Not all creative types, however, are good fits for integrators to collaborate with, says NanoLumens’ Byrd. “I think every integrator ought to have a designer that understands technology on call.
Integrators need an interior designer that has knowledge of the A/V world and what’s available. A normal interior designer may not know you can wrap a column in LED; therefore they’d never draw or suggest it. It needs to be somebody who understands A/V technology and the art of aesthetics—and they do exist.”
Open Eye is a good example of such a creative firm. “We started as an integrator,” Meszaros says. “Over time we evolved to a strategy firm, because of the questions we were being asked. A couple of us are designers at heart.”
If integrators don’t want to partner with third parties—architects, interior designers or content creation firms—there are other steps they can take to improve their delivery of design-driven solutions, Meszaros says. “I’ve found that the best thing to do is to go to conferences that are focused on environment design. Try to understand the point of view of the design firm.”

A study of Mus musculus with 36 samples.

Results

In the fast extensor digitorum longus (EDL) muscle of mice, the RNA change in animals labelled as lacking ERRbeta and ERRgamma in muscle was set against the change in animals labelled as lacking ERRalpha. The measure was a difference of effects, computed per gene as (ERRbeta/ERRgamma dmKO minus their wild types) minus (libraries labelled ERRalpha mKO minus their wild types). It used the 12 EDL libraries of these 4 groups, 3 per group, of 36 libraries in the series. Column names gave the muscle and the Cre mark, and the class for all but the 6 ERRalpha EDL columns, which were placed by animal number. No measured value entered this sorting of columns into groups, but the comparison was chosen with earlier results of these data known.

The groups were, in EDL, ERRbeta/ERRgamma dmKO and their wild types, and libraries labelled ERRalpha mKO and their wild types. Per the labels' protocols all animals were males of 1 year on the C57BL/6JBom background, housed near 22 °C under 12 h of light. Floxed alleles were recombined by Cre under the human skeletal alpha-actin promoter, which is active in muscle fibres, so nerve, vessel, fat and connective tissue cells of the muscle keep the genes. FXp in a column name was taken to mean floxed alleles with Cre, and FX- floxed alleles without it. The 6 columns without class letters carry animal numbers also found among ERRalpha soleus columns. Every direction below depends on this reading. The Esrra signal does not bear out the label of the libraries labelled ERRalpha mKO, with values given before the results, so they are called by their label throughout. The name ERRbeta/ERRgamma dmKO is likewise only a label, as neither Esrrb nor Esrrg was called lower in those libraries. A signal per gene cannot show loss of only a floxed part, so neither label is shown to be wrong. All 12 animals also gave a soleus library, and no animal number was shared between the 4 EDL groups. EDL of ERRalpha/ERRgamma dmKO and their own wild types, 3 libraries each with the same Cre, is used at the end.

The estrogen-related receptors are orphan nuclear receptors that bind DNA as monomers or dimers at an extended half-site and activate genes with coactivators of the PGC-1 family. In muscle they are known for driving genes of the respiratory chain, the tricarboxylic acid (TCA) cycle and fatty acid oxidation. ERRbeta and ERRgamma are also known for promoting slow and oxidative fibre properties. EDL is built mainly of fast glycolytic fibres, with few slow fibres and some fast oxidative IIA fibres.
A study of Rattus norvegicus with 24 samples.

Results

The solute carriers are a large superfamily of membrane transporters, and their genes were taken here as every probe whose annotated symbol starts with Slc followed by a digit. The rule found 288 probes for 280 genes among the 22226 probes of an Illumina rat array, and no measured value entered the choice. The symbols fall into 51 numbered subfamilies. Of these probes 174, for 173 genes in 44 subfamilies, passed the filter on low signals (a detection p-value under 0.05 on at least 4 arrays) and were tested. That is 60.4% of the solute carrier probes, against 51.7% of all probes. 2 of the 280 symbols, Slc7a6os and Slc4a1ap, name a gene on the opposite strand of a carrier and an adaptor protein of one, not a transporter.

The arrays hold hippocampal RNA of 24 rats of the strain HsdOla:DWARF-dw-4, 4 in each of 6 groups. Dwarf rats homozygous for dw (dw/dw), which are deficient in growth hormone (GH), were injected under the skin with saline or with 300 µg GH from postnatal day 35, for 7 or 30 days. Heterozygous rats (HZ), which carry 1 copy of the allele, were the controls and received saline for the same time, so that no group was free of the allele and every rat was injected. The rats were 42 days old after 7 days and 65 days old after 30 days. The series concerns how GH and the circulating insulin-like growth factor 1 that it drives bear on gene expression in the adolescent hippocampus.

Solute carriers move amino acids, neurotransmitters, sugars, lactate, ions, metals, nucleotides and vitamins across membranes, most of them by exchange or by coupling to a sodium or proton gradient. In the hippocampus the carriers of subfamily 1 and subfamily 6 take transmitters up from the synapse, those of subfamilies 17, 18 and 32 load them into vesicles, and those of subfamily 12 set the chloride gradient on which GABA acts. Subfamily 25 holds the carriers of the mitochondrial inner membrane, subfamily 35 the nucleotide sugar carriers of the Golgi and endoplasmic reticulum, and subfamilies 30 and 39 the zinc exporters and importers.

How integrators will marry technology and design will vary. Being a Certified Technology Specialist doesn’t necessarily verify that a person can match their shirt with their pants. Whether it be through in-house training and expertise or third-party collaboration, demand for solutions that can cut through the visual clutter dictate that integrators put on their design hats.
Some just might have to borrow those hats.